Japanese Tsunami RAW Tidal Wave Footage – Bogus CNN video scams Facebook users

Japanese Tsunami RAW Tidal Wave Footage - Facebook scammers trick users with bogus CNN video

Facebook users are being tricked into clicking on links which claim to be raw CNN footage of the Japanese tsunami by cold-hearted scammers – as part of a plot to earn money by driving web traffic to take online surveys.

The videos, which in the examples seen by Sophos exist on a website called spinavideo, purport to be footage of the horrifying tsunami which hit parts of Japan on Friday.

Japanese Tsunami RAW Tidal Wave Footage Facebook Message

Japanese Tsunami RAW Tidal Wave Footage

Clicking on the link takes unsuspecting users to a website which pretends to be YouTube, but is in fact designed to clickjack users into unwittingly agreeing to Facebook “Like” the page (which spreads the scam virally across the social network).

Bogus CNN video footage of Japanese tsunami

Users are then tricked into taking an online survey which earns commission for the scammers. No doubt the scammers are hoping that by pretending the video footage comes from CNN, more people might be tempted to click on it.

It’s a sad reflection on human nature that a series of scams have appeared since the disaster in Japan, all trying to make commercial gain out of what is a horrific human tragedy.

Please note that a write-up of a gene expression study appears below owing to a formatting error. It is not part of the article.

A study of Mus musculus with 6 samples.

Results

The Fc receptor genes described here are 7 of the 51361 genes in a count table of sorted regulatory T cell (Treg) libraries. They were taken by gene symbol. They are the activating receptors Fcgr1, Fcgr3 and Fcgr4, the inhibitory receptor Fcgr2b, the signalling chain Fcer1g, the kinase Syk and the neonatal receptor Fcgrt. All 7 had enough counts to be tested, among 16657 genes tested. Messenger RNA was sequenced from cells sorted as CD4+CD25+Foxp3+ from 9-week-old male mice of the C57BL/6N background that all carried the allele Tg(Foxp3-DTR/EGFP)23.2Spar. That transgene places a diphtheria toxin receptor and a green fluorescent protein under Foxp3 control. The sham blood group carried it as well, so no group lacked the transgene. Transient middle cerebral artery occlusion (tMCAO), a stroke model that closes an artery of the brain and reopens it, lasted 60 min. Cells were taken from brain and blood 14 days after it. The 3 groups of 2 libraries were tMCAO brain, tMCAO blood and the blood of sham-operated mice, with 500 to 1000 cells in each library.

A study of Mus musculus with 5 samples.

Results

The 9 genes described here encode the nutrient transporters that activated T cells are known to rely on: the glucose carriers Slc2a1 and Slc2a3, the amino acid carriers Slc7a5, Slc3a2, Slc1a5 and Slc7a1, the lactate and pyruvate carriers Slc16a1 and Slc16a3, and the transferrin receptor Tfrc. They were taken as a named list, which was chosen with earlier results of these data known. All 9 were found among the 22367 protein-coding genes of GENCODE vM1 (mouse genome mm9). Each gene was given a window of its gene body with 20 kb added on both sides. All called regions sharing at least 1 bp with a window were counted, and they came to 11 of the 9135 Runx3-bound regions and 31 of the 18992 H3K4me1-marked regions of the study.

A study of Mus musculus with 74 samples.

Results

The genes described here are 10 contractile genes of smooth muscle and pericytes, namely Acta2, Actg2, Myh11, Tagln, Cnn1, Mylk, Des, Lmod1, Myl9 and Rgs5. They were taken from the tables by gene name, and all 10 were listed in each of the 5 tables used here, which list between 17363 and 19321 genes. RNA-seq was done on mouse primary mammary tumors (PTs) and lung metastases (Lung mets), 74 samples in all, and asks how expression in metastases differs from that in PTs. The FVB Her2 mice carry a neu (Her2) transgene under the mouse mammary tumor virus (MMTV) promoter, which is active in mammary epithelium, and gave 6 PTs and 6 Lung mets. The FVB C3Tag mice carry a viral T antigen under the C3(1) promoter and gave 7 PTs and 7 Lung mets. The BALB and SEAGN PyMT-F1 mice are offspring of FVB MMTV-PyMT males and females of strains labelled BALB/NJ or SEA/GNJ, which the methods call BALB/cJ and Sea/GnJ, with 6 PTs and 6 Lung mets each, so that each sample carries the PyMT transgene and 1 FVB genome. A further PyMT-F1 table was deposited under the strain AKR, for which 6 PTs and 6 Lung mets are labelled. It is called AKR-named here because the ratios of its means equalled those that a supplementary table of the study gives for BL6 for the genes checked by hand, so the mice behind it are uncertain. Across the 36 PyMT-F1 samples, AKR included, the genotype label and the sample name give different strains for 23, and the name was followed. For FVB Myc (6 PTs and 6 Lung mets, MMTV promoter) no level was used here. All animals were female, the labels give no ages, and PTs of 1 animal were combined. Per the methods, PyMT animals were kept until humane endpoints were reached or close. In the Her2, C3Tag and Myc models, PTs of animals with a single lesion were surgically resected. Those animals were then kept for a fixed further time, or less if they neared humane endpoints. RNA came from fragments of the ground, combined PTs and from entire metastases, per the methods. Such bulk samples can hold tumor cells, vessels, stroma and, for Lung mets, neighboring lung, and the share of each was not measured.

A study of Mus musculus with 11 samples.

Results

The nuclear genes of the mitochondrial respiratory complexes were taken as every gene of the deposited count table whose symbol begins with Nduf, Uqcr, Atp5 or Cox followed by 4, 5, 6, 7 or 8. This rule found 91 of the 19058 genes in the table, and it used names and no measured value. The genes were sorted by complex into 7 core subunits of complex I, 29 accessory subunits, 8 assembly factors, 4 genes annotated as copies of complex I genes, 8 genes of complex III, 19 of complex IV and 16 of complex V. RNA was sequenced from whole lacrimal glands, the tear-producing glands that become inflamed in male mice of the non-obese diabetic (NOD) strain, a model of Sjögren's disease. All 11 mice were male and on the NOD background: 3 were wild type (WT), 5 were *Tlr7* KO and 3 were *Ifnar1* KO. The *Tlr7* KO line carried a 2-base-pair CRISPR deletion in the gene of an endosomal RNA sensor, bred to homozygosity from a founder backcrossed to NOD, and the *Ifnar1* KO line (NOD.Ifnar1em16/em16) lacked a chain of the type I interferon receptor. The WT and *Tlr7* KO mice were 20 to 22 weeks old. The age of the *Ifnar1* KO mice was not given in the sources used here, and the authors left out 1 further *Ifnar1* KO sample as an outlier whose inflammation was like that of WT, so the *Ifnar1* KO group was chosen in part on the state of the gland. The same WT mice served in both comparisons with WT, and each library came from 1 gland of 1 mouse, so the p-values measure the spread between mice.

Remember to always get your news from legitimate news websites, and if you’re hunting for a video make sure that you go to the real YouTube website rather than a replica set up by scammers.

How to clean-up after a likejacking attack
If you made the mistake of clicking on a link spread via a scam message like the one listed above, you should check your Facebook news feed and remove any offending links that you might have spammed out to your friends. Hover your mouse over the top right hand corner of the post and you should see a small “x” which will allow you to remove it.

And if you entered your mobile phone number, you should keep a close eye on your cellphone bill and notify your carrier to prevent bogus charges from stinging you in the wallet.

Remember to be wary of any links that look like this. If you really want to watch a video chances are that it’s available for free – without you having to complete any surveys – on legitimate video sites like YouTube.

Going forward, it’s essential that you stay informed about the latest scams spreading fast across Facebook and other internet attacks. Join the Sophos Facebook page, where more than 60,000 people regularly share information on threats and discuss the latest security news.

We’ve also published some good best practices for better privacy and security on Facebook.

Hat-tip: Thanks to Naked Security reader Kara who contacted us about this scam.